Analysis lifts the lid on motorcycle collision stats
New analysis of Government data has shown that motorcyclists aged 25 years are most at risk of being involved in a collision.
Conducted by Swinton Insurance in partnership with IAM RoadSmart, the analysis of 2015 statistics also reveal that male bikers were involved in 93% of collisions.
The analysis shows bikers are most likely to have a collision in daylight, travelling in a 30mph zone with dry road conditions.
In terms of road type, A-Roads were found to be the most dangerous, with 79% of collisions occurring there compared to just 21% on other routes. More collisions also occurred in urban areas.
44% of collisions happened on bikes with an engine size of 50-125cc, whereas 9% involved a bike with an engine size of 50cc.
The analysis also names the 10 roads across Britain which are the most dangerous for motorcyclists, with the A23 in Lambeth, London topping the list. In total, 118 accidents involving motorcycles happened on these 10 roads during 2015.
The new partnership between Swinton and IAM RoadSmart is designed to help raise awareness the importance of motorcycle safety.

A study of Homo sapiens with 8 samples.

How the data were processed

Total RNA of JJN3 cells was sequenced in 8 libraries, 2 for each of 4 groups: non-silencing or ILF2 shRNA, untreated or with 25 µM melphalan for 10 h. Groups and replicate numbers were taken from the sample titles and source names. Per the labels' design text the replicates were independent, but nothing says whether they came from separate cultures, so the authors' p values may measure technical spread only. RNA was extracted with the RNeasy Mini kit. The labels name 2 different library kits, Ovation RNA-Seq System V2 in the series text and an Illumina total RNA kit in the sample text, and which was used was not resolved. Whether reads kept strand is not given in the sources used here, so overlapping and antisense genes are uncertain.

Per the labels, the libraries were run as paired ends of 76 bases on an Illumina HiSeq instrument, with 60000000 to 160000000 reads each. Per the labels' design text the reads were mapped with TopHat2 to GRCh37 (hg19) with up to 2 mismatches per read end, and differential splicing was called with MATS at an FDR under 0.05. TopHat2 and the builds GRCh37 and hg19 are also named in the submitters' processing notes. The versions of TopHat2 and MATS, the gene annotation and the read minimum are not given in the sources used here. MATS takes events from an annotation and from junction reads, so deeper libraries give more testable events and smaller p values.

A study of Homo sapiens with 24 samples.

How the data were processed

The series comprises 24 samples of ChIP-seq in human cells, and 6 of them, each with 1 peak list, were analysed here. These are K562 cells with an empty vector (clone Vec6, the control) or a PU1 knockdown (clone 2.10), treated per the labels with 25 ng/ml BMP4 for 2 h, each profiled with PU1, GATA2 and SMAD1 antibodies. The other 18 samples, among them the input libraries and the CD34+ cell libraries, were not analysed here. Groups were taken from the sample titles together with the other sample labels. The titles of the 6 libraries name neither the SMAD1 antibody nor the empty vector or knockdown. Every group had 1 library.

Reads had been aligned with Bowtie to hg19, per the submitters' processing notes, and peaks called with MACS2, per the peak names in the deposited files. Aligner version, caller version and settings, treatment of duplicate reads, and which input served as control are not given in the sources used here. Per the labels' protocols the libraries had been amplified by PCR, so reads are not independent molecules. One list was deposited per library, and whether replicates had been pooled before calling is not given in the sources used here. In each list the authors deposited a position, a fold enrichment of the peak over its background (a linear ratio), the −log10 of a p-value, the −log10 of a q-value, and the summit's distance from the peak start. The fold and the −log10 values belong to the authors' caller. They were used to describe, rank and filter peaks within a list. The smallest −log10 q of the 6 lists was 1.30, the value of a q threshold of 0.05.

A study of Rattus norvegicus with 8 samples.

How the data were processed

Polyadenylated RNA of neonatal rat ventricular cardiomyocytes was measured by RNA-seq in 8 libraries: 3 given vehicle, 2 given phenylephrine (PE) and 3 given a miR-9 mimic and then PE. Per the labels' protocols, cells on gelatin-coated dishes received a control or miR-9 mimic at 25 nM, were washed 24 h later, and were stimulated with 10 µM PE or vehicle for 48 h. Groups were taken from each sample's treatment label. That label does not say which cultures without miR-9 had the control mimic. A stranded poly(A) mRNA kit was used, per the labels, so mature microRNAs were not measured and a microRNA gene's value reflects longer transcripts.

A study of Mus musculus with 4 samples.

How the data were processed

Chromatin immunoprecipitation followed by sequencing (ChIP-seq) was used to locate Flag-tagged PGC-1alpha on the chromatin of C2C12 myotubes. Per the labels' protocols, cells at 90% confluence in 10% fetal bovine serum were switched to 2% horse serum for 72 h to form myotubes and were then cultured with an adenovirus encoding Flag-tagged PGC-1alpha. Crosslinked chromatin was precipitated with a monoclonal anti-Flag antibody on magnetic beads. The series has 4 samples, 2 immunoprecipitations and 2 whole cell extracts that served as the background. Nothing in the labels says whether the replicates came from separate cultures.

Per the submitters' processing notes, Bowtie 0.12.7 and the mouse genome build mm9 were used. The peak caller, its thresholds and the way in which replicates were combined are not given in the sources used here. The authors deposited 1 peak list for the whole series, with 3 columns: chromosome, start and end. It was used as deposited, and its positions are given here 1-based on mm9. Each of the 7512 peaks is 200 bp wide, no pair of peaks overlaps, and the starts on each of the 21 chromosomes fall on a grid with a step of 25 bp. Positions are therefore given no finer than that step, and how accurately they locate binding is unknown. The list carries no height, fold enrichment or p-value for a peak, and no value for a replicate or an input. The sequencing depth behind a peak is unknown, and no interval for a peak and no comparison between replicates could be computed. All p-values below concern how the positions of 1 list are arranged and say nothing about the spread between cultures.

IAM RoadSmart is providing practical advice on issues including filtering, biking in seasonal weather conditions and vulnerable road users.
Swinton Insurance has teamed up with a panel of experienced motorcyclists who have provided commentary for biking on some of the UKs’ most dangerous roads. The bikers’ commentary also highlights key ‘watch outs’ when biking on the most dangerous regional roads.
Rodney Kumar, IAM RoadSmart said: “We often find that while drivers and motorcyclists strive to be as safe as possible, some find it a challenge to understand exactly how to do so. And as time passes after our driving tests, some of the simple tips we learnt to help stay safe can fade into the background.
“That’s why it’s so important to offer useful and easily digestible information on how to be a safer driver. We are excited to partner with Swinton to help spread the word about national motorcycle safety.”